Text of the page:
Bouncy Castle by cartoonist Maeve O’Keeffe


With First Communions in full swing, it’s a busy time for bouncy castles.  And birthdays, too!  Have you special memories, dreadful disasters or funny stories to share? Post to my blog or email 

Daughter’s 13th birthday was approaching.  How to celebrate?  None of my suggestions measured up.  “Mum, I’ll be a teenager,” she pointed out, “It can’t be lame.”  “A bouncy castle?” I said flippantly, referring to the upcoming First Communion.  “Great idea!” she agreed.   Oh no, why didn’t I keep my mouth shut?  Eighteen pre-teens hopping around in the pouring rain could be a disaster.

I had visions of driving to A&E with cases of chipped teeth, broken bones or someone catching pneumonia.  Seeing my uncertainty, daughter leapt in.  “Don’t worry Mum, I’ll organise everything (you just pay the bill.) I’ll play CDs and put out sweets and drinks.  You can cook pizza and chips.  It’ll be great!”  I could see the budget ballooning as party hats and banners were nonchalantly added to the ‘must get’ list.

All hell broke loose when bigger brother overheard the festive plans.  “Why’s she getting a castle?  And HE’s getting one for Communion,” he griped, scowling at Junior, “I never had one.  It’s not fair!!” I placated the boy with the possibility of hiring one for his 10th birthday.  Maybe I’d get a good deal for three?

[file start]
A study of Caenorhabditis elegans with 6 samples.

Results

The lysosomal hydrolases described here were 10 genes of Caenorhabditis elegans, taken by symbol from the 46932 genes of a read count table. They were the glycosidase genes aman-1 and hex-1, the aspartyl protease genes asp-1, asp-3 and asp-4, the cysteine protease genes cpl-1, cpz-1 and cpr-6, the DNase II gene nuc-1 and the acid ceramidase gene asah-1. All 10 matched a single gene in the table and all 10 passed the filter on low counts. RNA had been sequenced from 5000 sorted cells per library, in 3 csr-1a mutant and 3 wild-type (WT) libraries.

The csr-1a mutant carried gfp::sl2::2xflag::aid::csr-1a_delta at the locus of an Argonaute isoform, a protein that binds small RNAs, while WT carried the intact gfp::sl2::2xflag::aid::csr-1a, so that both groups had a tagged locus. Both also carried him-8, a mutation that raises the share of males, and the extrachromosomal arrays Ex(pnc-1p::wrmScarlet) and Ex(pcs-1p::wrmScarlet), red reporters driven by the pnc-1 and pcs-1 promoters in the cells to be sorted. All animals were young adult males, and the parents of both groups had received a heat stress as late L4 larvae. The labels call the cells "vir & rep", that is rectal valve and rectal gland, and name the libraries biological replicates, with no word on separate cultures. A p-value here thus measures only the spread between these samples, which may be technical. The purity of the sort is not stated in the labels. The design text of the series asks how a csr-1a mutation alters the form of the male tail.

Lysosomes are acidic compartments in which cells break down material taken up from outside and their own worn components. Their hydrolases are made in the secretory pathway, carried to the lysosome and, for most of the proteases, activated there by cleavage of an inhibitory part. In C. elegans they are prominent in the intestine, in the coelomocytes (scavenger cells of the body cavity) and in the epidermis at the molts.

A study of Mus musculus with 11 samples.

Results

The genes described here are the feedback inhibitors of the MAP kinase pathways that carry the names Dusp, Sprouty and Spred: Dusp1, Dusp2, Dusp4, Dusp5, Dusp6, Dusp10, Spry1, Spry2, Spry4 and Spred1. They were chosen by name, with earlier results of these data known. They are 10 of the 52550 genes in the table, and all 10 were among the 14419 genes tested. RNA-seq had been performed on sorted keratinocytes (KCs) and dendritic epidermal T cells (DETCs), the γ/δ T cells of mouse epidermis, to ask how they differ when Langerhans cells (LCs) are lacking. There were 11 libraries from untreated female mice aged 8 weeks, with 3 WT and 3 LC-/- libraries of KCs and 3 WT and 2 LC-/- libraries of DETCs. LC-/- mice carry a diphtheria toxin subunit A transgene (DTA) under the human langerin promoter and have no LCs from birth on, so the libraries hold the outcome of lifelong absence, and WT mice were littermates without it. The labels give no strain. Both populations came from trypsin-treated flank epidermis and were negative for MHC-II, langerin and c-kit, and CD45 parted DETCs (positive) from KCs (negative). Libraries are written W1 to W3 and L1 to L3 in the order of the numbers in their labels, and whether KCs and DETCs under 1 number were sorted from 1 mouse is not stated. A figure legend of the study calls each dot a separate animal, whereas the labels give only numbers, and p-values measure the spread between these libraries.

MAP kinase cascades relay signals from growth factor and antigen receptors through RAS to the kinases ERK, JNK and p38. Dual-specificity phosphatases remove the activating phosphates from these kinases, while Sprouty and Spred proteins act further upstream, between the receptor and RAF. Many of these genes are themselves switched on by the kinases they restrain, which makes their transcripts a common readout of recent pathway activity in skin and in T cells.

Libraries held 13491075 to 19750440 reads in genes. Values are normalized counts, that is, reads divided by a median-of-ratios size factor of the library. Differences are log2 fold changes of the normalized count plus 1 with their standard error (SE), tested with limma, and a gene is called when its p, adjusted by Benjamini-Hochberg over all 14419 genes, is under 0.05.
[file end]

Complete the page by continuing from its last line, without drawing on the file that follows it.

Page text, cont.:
I watched the forecast all week.  Broken weather with showers expected – blast! “Tell everyone to bring warm clothes,” I warned.  The air-filled castle would be sitting on a slope.  Would it slide away or be blown onto the road, whipping a gaggle of screaming girls with it?  I forgot to check.

The man arrived early and staked it securely to the ground.  Junior refused to go to soccer.  The lure of bouncing bliss was too strong.  The girls came, armed with changes of clothes.  “How sensible,” I thought.  “They won’t need them though; it’s such a sunny evening.”  Some had bags of balloons.  Was this a new thing, to decorate the birthday girl’s house?  Or would they play with them in the bouncy castle?  Weren’t they a bit big for that?

“The girls are messing with the hose,” tattled Junior.  I investigated.  Sure enough, they were filling balloons attached to the nozzle.  “Er, Mum, can we have a water fight?” enquired daughter, “Everyone’s brought spare clothes.”  Their garb of shorts, t-shirts and flip-flops now made sense.  I reluctantly consented.  Suddenly every tap in the house was commandeered to prepare ammunition.

After blowing out birthday candles, the battle started.  Balloons were pelted, water guns fired and soon all ammo was depleted.  Dripping insurgents raided my cupboards.  Every container or empty mineral bottle was filled and contents were flung indiscriminately. Eventually a truce was declared.  The platoon of wet troops awaited towels for operation dry off.

It wasn’t sophisticated but they had fun. And it was nice to see them not grown up too fast.  “Best party ever! Thanks mum!” daughter commended.  Who knows, maybe the castle will appear again on her 18th!